AM in Africa

Yesterday, I recently returned from my 22nd visit to Africa. Twenty of them have been to South Africa where additive manufacturing activity is the strongest. In fact, I estimate that 99% of AM work on the continent has occurred in the country. Some limited activity is underway in Botswana, Egypt, Namibia, and Nigeria. Adoption has been especially strong at Central University of Technology, Vaal University of Technology, Stellenbosch University, and North-West University—all in South Africa.

The Government of South Africa has been supportive of AM, with the Council for Scientific and Industrial Research (CSIR) doing the most in a hands-on way. Among the companies that are leading the way is Aerosud, an 800-person supplier of parts and assemblies to Airbus and Boeing. Many other companies are benefiting from AM parts, but they do not own high-end equipment. A reseller network of companies for AM products has been in place for many years.

Central University of Technology (CUT) in Bloemfontein was the first to install multiple high-end industrial machines in South Africa. Its world-class Centre for Rapid Prototyping and Manufacturing (CRPM), shown in the following two images, continues to have the largest commercial impact in the country. Last year, the CRPM completed 580 projects consisting of ~13,500 AM parts. Twenty-five percent of the projects were medical cases, most of high complexity. The centre received ISO 13485 quality certification for medical devices in 2016, which has contributed to its capabilities.

 

 

CUT and its impressive CRPM served as host to last week’s three-day course on design for additive manufacturing (DfAM) conducted by Wohlers Associates. Twenty-five engineers and others participated, and many were advanced in their knowledge and experience in AM and DfAM when they arrived. Wohlers Associates has conducted many of these courses, the first in August 2015 for NASA Marshall Space Flight Center. One exercise involved the redesign of a manifold by the participants on the first day. Five of them were manufactured in titanium and delivered for inspection by the third day. Thanks to our good friends at the CRPM for helping to make this happen.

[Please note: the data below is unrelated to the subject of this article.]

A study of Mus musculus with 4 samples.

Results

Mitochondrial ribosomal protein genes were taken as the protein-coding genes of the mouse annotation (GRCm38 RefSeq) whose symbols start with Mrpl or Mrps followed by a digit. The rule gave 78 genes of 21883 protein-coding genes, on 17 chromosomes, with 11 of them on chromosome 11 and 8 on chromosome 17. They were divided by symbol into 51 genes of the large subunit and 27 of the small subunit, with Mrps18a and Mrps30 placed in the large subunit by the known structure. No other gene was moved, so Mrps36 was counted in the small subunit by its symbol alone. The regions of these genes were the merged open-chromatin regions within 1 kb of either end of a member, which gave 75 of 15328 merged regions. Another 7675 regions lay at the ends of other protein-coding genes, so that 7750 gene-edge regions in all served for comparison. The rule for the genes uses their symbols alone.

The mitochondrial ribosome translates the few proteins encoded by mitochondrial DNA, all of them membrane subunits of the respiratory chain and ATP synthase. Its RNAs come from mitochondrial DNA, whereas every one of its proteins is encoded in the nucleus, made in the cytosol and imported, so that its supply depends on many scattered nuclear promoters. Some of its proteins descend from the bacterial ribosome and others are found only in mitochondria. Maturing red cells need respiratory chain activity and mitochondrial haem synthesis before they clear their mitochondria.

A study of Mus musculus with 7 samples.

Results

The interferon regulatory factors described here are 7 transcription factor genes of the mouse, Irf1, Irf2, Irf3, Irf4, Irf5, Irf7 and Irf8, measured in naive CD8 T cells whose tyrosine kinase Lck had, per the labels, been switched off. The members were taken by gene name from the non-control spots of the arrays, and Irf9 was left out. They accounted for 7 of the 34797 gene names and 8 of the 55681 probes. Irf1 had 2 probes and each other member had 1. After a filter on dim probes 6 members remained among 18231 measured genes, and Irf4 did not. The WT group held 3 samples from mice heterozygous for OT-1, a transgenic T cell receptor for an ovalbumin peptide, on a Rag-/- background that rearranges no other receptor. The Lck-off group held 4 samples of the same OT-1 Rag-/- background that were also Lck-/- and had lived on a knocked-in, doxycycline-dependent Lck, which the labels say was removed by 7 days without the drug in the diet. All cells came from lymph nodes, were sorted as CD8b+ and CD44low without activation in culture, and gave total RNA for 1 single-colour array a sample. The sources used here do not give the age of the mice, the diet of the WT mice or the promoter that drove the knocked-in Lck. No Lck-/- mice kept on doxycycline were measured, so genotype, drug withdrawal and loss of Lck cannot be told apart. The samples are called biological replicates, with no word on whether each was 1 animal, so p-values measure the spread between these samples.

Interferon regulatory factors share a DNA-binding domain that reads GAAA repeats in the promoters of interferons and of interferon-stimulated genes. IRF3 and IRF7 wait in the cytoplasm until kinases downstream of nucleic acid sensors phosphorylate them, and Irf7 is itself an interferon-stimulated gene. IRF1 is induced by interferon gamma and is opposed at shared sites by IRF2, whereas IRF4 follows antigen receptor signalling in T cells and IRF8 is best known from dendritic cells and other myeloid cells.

The previous images show the conventional manifold design (left) and five versions of the manifold produced by AM. One of the primary objectives of this hands-on, DfAM exercise was to reduce weight and substantially reduce or eliminate the need for support material, which can add substantial time and cost to a part. We are thankful to those who participated, for how engaging they were, and for their favorable feedback. It was one of our very best three-day DfAM courses. Thanks also to CUT and its CRPM for organizing the event and serving as such great hosts.